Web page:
As a 17-year-old U.S. Navy Petty Officer Third Class, Harry Ferrier headed to Midway with the understanding that his squadron would be part of a first line of defense to prevent an enemy attack of Hawaii and the west coast of the United States.

What he didn’t know as a young enlisted man 60 years ago, was that the U.S. Navy was expecting a Japanese attack aimed at American forces based at the atoll and two islets at the end of the Hawaiian chain.

The Battle of Midway raged on June 4, 1942, after Japanese forces had been sighted just 150 miles from Midway. Ferrier was the radioman in a TBF-1 single-engine airplane piloted by Ens. Albert K. Earnest, and he is lucky to be alive. Ferrier, Earnest and another pilot, Ens. George Gay, were the only three men of the 48 in their squadron to have survived the battle.

Ferrier will be a guest speaker at an Association of Naval Aviation function on Friday, June 7 at the Officers’ Club at Whidbey Island Naval Air Station. He will recount his experience at the Battle of Midway, and his incredible story of survival.

Ferrier narrowly survived the battle. The aircraft in which he was flying was hit by 64 machine gun bullets and nine cannon shells. One of the bullets killed the turret gunner, Jay Manning, and another blew a hole in Ferrier’s cap, hitting him in the head. While the bullet grazed Ferrier’s scalp, knocking him out, it did not go through his skull.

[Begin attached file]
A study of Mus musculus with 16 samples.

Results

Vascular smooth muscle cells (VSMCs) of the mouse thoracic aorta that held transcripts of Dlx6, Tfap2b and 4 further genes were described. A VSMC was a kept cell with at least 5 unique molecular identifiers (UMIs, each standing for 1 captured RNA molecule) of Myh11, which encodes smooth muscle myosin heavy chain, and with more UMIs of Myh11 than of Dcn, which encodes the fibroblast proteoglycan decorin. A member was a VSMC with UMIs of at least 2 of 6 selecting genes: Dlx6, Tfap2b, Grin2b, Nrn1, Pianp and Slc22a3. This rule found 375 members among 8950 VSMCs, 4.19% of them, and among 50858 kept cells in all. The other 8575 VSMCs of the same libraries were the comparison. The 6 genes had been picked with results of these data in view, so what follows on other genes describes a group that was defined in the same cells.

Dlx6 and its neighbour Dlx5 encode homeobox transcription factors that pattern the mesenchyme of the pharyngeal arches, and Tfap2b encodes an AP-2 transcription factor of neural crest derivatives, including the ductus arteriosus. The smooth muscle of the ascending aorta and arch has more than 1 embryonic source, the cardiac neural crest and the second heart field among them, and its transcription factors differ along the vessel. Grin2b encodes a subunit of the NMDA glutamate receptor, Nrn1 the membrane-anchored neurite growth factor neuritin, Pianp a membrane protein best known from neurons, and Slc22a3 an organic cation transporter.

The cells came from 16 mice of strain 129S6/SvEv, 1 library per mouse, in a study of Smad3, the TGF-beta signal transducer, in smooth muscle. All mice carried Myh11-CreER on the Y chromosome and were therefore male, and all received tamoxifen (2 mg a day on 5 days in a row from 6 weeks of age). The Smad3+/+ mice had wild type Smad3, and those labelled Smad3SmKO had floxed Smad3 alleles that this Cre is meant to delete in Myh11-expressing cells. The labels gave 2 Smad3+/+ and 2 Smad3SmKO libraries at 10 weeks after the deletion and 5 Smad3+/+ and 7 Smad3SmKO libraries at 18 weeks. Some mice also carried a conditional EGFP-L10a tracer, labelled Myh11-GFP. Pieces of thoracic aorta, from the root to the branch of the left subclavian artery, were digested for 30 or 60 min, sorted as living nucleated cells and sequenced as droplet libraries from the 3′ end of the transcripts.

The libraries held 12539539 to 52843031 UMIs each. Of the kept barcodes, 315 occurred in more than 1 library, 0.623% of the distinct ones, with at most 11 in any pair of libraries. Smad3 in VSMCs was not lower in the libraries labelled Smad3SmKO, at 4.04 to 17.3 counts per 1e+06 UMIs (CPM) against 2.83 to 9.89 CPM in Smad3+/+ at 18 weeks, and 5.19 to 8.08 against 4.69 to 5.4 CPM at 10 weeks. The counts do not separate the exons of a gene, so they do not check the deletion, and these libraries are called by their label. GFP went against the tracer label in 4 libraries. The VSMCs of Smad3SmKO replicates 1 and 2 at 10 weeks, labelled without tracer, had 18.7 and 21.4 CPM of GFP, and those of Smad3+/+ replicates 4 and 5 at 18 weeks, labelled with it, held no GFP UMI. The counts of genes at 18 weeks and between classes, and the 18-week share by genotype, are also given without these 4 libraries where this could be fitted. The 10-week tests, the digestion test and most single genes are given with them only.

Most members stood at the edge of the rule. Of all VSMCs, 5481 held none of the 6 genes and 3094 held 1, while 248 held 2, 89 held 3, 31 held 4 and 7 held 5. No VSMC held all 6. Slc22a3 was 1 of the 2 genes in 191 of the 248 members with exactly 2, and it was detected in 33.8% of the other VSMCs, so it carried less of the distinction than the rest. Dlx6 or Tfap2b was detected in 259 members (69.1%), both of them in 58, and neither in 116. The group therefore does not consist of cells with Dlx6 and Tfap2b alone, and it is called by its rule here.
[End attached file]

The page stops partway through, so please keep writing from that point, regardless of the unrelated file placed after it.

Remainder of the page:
Earnest, also injured, still managed to drop the single torpedo his plane carried onto a Japanese carrier and returned to Midway for a crash landing.

It was the only one of the six TBF-1 aircraft from the squadron to return.

“The airplane was pretty well shot up. Incidental to that, we found out later that day the other five had been shot down and didn’t come back,” Ferrier said with obvious sadness.

Ferrier attributes his survival of the battle not to luck, but to divine intervention.

“The Lord was with me,” Ferrier said during an interview on Monday.

Ferrier remained in the Navy for nearly 30 years, retiring in 1970 at the rank of commander. During World War II, after the Battle of Midway, Ferrier also engaged in battle at the invasion of Guadalcanal and flew in many air combat missions throughout the war.

Ferrier is the recipient of the Distinguished Flying Cross, the Purple Heart, three awards of the Air Medal, four Presidential Unit Citations and several theater of operations medals and awards.